Our GalleyChatter columnist Robin Beerbower, rounds up the most-mentioned titles from our most recent chat, to add to your TBR pile.
If you fall in love with any of these titles, be sure to consider nominating them for LibraryReads. We’ve noted the deadlines in red.
Please join us for the next GalleyChat tomorrow Nov. 1, 4 to 5 p.m. ET, 3:30 for virtual cocktails. Details here.
During the last GalleyChat, many of the top mentioned books were by authors whose names may not be familiar to most. Our crystal balls predict that, by the time they are published, most will be on the tips of everyone’s tongues.
For a complete list of titles mentioned during the chat, check the Edelweiss compilation here.
Vicki Nesting of St. Charles Parish Library (LA) led the discussion for the hot title, The Dry by Jane Harper (Macmillan/Flatiron, January; LibraryReads deadline: Nov. 20) by saying it was a “brilliantly plotted and atmospheric mystery.” She continued, “When federal investigator Aaron Falk learns that his childhood best friend Luke has killed his family and himself, Aaron feels he has to attend the funeral. The drought itself becomes a character and its effects invade everything, from the devastated landscape to the fear in the people’s eyes as Aaron and the local sheriff begin to ask questions.” Many of us are hoping to see the return of Aaron Falk in a future story. (Reese Witherspoon has also snapped up the movie rights.)
George Saunders’ follow up to The Tenth of December (his NBA nominated book of short stories), the novel Lincoln in the Bardo (PRH/Random House, February; LibraryReads deadline: Dec. 20), is already starting to make a splash, reeling in 17 “much love” Edelweiss votes. Jen Dayton, collection development librarian from Darien, CT, said it’s “like a literary fever dream. Told by many voices of both the living and the dead it focuses on February 22, 1862. Willie Lincoln has been laid to rest in a marble crypt in a Georgetown cemetery. Abraham Lincoln, bowed by his loss and the war that is raging comes to the crypt to see his son one last time under the cover of darkness. You will find it hard to leave the world that Saunders has created behind long after you close the book.”
Two galleychatters gave major kudos to the domestic psychological novel A Separation by Katie Kitamura (PRH/Riverhead, February; LibraryReads deadline: Dec. 20). Soon after a couple quietly decides to separate, the husband disappears into a remote area of Greece, and while the wife goes on a search and rescue effort, she’s unsure if she really cares to find him. Elliott Bay Bookstore staff member Kenny Coble implored us to get a copy ASAP, and sounding like it could be compared to a popular TV show, Andrienne Cruz said, “This is a book that was almost about nothing. However, there are plenty of ideas to ponder about what makes a marriage, what makes a life.”
A book gaining attention for both teens and adults is The Most Dangerous Place on Earth by Lindsey Lee Johnson (PRH/Random House, January; LibraryReads deadline: Nov. 20), a novel that portrays high schools as a “scary, tragic place for kids and teachers” (Kaite Stover, Kansas City, MO, readers’ services librarian). Another one impressed by this novel was Jennifer Winberry from Hunterdon County Library: “Mill Valley just north of San Francisco may seem like an idyllic place to grow up, but for a group of high school juniors, all connected by the suicide of one of their peers in middle school, it is anything but. As these teenagers traverse the final years of adolescence, they are keenly observed by a first year teacher who is both fascinated by and in awe of these students, their struggles and their decisions, both good and bad.” [NOTE: The author recently chatted with librarians as part of our PRH EarlyReads program].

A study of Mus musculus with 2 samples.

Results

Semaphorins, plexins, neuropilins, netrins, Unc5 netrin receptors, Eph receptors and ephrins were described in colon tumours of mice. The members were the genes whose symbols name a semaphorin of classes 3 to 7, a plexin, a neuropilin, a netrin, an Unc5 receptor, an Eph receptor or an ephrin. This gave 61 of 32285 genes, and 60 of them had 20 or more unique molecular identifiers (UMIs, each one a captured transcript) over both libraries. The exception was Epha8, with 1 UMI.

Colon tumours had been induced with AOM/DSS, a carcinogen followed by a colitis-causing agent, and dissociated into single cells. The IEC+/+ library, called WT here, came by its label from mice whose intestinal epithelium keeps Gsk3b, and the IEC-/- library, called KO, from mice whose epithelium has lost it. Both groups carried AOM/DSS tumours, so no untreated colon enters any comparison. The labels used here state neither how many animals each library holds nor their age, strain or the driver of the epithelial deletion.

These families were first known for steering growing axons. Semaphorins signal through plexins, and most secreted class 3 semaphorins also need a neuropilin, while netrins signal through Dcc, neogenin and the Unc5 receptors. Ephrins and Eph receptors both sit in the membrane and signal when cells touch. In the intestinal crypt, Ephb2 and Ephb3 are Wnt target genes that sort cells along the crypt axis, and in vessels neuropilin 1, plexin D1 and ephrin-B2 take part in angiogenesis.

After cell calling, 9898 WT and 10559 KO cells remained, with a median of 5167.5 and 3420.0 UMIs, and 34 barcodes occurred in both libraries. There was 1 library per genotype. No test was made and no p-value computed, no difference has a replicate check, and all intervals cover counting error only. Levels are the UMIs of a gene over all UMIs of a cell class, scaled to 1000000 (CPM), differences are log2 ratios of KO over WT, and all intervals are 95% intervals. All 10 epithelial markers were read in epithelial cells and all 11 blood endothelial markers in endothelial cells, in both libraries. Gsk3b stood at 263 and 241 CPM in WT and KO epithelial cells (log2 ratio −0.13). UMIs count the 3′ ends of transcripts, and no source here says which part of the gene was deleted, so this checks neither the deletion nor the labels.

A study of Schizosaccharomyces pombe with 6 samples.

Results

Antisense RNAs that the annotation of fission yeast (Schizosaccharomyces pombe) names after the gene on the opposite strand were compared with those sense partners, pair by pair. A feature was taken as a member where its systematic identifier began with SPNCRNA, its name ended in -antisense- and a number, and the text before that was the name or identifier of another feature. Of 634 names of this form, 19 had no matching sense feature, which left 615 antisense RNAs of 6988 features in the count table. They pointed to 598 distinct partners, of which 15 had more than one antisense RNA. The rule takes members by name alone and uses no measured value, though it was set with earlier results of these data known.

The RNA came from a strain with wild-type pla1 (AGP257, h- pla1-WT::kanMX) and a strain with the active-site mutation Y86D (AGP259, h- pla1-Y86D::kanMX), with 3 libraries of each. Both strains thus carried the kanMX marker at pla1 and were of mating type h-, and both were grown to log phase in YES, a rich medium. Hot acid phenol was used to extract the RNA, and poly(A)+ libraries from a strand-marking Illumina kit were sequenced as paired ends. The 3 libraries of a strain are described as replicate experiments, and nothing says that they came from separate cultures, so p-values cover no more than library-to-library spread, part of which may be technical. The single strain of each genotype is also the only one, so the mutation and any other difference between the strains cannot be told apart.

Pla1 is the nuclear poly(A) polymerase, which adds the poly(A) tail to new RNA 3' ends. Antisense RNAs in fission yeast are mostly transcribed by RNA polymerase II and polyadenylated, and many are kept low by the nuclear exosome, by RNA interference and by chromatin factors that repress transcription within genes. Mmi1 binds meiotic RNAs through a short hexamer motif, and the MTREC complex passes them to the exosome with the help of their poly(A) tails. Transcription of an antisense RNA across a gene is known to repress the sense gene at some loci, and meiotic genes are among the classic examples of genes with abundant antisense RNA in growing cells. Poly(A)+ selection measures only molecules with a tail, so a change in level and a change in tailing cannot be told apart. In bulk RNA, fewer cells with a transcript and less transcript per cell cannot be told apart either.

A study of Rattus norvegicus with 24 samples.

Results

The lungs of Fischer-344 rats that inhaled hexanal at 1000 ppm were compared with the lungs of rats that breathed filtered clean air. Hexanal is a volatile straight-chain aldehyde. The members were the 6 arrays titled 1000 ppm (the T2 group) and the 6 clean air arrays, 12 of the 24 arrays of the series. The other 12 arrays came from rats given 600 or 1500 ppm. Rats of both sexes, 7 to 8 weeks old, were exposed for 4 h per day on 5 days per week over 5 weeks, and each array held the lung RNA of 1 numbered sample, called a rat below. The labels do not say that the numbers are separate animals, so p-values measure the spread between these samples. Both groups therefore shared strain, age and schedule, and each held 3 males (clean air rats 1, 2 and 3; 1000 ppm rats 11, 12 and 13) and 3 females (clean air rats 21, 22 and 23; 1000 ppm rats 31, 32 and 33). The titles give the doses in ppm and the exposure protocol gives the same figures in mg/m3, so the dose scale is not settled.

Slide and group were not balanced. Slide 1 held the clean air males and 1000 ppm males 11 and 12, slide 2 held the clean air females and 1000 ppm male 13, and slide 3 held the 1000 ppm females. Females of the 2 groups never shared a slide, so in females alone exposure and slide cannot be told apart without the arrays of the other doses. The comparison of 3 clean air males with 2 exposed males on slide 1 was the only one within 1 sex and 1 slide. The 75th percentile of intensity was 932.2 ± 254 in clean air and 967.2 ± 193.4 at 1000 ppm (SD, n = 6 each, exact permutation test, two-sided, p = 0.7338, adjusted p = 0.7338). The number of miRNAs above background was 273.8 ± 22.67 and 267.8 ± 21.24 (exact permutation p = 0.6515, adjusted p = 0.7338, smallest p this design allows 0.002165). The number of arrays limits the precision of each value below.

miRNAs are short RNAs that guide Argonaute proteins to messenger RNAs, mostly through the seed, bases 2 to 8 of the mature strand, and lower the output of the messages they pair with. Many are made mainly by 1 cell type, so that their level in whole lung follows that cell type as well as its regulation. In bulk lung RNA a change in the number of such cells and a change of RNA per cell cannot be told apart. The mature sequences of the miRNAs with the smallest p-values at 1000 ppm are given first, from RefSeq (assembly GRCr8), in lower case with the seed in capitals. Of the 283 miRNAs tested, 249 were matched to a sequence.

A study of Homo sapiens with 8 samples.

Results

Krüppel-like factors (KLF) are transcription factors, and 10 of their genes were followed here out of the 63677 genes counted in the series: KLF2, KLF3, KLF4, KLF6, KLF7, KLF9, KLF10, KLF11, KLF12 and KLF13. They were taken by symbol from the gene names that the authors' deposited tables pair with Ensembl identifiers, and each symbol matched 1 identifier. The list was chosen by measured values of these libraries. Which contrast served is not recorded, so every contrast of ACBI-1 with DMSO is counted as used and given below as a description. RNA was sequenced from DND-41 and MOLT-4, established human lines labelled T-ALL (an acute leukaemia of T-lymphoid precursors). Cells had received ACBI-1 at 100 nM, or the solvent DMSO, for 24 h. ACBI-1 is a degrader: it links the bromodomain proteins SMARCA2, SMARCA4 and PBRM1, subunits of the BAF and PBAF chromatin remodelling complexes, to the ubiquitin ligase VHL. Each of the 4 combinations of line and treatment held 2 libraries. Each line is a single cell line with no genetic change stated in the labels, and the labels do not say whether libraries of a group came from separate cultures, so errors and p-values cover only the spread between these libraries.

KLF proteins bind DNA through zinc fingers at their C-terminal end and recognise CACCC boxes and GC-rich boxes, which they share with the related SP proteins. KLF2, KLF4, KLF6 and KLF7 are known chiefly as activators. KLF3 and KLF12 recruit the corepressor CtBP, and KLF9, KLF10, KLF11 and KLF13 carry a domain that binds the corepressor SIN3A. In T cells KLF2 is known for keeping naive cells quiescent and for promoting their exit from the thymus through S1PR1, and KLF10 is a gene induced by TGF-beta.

Chatters who were impressed with Peter Heller’s first novel, Dog Stars, were anxious to read Celine (PRH/Knopf, March; LibraryReads deadline: Jan. 20), a private eye mystery that introduces aristocratic sixty-nine year old Celine who travels to Yellowstone National Park in a camper to find a missing photographer. Susan Balla quickly finished it and said, “Heller is a master of depicting man against nature and his writing transports you into the wilds, and yes, even into the RV, with Celine and Pete. Beautifully written with wonderful, memorable characters, Celine is a fun, smart, and thoroughly enjoyable novel.”
The Possessions by Sara Flannery Murphy (HarperCollins/Harper, February; LibraryReads deadline: Dec. 20), a futuristic novel about channeling the dead so the living can reconnect with loved ones, has the unsettling undertones of Kazuo Ishiguro’s Never Let Me Go and Jessica Chiarella’s Two Again with many moral and ethical issues for book group discussion. Kimberly McGee from Lake Travis (TX) Community Library, “Edie is a body which means she takes a lovely pill, adds something personal from the person she is channeling and helps grieving people spend time with the deceased. This futuristic thriller raises some interesting questions and moral dilemmas.”
He may be more familiar than anyone mentioned above, but mainly by librarians who adore author Nail Gaiman for both his library-loving attitude and his excellent novels. His newest, Norse Mythology (WW Norton, February; LibraryReads deadline: Dec. 20), hasn’t disappointed any early readers with Janet Lockhart leading the shout outs by saying, “Neil Gaiman retells the Norse myths with wit and a keen eye for character. Thor and Loki in particular leap off the page. Sure to please his many fans and create new admirers.”
Please join us for the spirited discussion during our next GalleyChat on Tuesday, November 1, and for updates on what I’m anticipating on Edelweiss, please friend me.